Are you the wind or the anchor?

Chief Master Sgt. Gregg Kollbaum

Chief Master Sgt. Gregg Kollbaum

LITTLE ROCK AIR FORCE BASE, Ark. -- "People can be the wind beneath our wings or the anchor on our boat"
- John C. Maxwell

I find it funny every time I write an article I remember a bad supervisor or a bad situation that drives the topic. To ensure effective leadership, the Air Force spends a lot of time and money sending Airmen through professional military education to show us how to be good supervisors and leaders. We are taught the textbook answers to discipline, recognition and situational leadership along with many other skills. But it's hard to forget a terrible leader and I certainly remember my experience that occurred early in my Air Force career.

As an airman first class, I looked up to a sergeant of any rank. My mentors thus far had been training instructors, military training leaders and technical training instructors. They were sharp, proven and time tested professionals. I relied on them to guide me into a successful career and to show me how to be an excellent NCO. They made sure I had the training and skills I would need when I got to my first duty assignment.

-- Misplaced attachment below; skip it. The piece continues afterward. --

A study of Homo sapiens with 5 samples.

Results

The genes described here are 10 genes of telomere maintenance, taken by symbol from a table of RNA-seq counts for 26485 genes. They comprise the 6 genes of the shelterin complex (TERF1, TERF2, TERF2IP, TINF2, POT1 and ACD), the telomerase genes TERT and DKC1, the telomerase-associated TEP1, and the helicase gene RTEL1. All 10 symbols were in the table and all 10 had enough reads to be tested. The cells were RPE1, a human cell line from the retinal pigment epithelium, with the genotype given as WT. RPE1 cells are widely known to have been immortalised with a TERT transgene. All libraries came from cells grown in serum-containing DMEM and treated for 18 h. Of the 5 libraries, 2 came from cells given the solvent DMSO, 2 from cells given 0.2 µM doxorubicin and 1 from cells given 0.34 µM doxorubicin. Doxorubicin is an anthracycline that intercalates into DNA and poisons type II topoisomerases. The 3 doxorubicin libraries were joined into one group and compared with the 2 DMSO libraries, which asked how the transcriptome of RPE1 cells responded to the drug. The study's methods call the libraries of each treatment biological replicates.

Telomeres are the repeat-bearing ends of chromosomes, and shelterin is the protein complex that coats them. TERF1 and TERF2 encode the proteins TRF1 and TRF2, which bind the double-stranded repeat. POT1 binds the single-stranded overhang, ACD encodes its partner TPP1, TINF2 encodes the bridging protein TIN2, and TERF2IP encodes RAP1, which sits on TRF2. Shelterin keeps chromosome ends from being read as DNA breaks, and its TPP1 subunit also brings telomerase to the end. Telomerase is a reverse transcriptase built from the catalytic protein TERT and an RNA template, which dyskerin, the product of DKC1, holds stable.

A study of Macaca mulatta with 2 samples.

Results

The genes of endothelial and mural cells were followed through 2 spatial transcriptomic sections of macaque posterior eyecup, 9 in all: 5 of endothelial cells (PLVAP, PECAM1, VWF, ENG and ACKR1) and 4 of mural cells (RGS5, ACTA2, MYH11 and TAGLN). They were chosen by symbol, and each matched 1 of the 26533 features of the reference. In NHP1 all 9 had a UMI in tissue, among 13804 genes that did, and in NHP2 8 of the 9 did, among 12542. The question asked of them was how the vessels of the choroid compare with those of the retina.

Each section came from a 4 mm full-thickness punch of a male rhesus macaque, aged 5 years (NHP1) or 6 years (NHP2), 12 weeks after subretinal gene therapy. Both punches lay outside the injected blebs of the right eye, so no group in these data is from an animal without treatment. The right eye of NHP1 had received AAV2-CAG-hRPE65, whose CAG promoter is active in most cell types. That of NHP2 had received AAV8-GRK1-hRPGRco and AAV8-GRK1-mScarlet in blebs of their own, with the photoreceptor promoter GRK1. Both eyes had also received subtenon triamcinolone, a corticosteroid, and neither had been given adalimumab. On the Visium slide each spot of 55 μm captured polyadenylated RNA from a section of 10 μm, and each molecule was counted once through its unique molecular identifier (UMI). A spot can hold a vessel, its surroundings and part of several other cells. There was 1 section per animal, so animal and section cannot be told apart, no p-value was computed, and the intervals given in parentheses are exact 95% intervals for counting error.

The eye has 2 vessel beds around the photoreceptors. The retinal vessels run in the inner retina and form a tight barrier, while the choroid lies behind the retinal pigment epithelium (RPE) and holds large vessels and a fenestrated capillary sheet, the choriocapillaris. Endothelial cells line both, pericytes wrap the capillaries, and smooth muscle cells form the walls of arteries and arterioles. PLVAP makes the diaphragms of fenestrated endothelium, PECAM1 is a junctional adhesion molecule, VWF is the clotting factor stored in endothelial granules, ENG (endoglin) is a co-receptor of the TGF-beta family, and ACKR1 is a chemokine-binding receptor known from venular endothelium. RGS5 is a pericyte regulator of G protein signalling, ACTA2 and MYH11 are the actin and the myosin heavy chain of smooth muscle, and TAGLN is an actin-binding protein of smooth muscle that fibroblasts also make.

My first assignment was to Fairchild Air Force Base in Washington. I was fired up and ready to put my training into action. I wanted to aim high ... fly, fight, win! I quickly had the wind knocked out of my sail by a terrible superior. He was a staff sergeant who worked in the operations flight. He was not a good example for a young impressionable airman. He was always "on break" and chose to do the minimum to get by. The day was never good. If I said it was sunny he would counter with "It's going to rain later." It was frustrating to have to work on any given task with him. The job would always take twice as long, and when it was complete, it would be subpar at best. He was a downer to anyone he encountered.

Since my tour at Fairchild, I have realized that knowledge, attitude and motivation are all vital to being a respected Airman and leader. Providing knowledge is courtesy of the Air Force. However, the attitude and motivation must come from within. My career started with tremendous examples of professionalism. These phenomenal NCOs taught me the way to be successful. But I also learned a lot from the NCOs who taught me what not to do.

How is your attitude? What is your motivation level? I challenge you to look at yourself and decide if you are the wind or the anchor.